Asian-American students and parents who called into the meeting fulminated against Ms. Collins and other members of the board, their voices cracking with emotion.

“This board is becoming a case study for performative, shallow activism and hypocrisy,” said one caller who identified himself as a student in the district.

Ms. López, the board president, has defended Ms. Collins, and voted against the measure stripping her of her title and committee assignments. She declined to comment, and Ms. Collins did not respond to requests for comment.

Rev. Amos C. Brown, the pastor of Third Baptist Church and the president of the San Francisco chapter of the NAACP, said in an interview that he believed that the criticisms of Ms. Collins were disingenuous and driven by people who wanted to reverse the admissions change at Lowell High School.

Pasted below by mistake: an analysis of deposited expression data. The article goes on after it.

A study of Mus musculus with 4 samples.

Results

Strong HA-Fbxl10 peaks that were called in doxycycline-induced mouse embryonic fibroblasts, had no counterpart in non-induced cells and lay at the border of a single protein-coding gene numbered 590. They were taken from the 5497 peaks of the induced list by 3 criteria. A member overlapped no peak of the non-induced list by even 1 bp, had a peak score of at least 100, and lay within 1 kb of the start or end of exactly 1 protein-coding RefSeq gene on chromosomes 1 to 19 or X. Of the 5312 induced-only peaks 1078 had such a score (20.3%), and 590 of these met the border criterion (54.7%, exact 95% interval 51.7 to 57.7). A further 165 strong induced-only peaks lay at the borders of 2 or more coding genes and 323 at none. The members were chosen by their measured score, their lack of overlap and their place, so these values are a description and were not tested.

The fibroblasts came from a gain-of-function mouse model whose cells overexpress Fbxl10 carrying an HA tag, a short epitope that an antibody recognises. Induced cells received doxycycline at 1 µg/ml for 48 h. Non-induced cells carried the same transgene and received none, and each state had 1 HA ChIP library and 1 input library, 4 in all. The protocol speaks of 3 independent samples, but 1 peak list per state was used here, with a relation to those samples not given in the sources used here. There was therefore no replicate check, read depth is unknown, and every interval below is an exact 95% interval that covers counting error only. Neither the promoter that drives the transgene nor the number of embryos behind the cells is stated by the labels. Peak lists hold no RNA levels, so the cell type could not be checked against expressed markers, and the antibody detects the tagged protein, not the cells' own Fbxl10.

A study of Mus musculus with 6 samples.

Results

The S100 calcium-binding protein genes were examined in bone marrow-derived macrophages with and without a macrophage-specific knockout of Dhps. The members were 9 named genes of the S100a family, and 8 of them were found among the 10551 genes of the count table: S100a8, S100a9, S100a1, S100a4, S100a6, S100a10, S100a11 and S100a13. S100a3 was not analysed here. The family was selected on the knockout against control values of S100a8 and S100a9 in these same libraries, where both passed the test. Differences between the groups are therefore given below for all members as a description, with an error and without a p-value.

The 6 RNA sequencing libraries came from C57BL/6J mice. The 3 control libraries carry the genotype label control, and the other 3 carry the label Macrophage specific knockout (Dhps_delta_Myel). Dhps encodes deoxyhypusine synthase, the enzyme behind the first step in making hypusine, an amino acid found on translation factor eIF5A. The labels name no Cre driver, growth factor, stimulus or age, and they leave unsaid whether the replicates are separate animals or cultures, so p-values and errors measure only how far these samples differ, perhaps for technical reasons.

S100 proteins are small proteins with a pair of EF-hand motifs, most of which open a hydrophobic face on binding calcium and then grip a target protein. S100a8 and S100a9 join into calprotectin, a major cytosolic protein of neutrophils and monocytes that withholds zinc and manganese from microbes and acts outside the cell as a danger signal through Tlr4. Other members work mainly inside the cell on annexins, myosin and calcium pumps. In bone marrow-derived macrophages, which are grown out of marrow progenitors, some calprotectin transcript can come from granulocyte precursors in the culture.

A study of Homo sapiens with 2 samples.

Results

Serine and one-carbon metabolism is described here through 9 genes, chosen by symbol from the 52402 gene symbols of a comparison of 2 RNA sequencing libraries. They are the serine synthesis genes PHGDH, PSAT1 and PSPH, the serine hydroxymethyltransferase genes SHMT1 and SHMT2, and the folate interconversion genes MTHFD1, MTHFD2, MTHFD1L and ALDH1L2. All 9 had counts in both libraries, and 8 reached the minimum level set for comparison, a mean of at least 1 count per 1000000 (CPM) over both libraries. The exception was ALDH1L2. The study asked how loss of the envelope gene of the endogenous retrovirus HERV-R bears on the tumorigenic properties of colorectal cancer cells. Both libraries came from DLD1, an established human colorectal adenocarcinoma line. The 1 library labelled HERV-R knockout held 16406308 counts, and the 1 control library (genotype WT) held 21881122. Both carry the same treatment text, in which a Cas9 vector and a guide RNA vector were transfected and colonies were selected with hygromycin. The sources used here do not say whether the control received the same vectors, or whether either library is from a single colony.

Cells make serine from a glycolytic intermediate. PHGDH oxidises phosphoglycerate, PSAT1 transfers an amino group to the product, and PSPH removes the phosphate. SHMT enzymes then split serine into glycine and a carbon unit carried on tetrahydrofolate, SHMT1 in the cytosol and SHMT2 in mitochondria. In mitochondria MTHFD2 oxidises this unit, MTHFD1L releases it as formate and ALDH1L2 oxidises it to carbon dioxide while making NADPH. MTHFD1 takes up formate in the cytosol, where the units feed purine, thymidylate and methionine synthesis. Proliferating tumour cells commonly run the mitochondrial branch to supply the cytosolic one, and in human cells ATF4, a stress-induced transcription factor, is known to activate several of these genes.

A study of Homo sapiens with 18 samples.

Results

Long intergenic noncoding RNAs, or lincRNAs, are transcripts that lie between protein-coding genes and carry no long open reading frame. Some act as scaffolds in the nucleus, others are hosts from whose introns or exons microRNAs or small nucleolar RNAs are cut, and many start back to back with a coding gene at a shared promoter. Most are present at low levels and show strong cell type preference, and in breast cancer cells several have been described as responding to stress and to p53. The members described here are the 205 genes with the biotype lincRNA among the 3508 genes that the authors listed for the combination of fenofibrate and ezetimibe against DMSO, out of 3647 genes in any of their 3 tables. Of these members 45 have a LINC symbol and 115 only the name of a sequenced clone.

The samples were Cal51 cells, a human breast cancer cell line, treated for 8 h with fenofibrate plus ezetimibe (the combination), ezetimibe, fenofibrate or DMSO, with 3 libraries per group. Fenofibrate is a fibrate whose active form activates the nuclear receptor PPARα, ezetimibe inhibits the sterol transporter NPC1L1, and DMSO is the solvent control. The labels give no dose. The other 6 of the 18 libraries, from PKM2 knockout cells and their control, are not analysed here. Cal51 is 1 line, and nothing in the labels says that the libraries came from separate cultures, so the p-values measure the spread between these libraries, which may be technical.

And while he said Ms. Collins had chosen unpalatable words, he suggested that her comments contained some truth.

“Let’s face it, in this society, you do have certain people — not all, not all, certain people — who feel that they are a part of this oppressive oligarchy, and they do not persistently work with the underdog, the marginalized, but they only come around when there’s something of their vested interest,” he said.

But Lawrence Tribe, a Harvard law professor and an alumnus of the San Francisco public school system, said the board had used “cultural distractions” as a way of covering up its inability to get schools reopened.

“It’s clear,” he said, “that the internecine conflict among relatively privileged liberals sometimes leaves behind people that they genuinely believe they are concerned about.”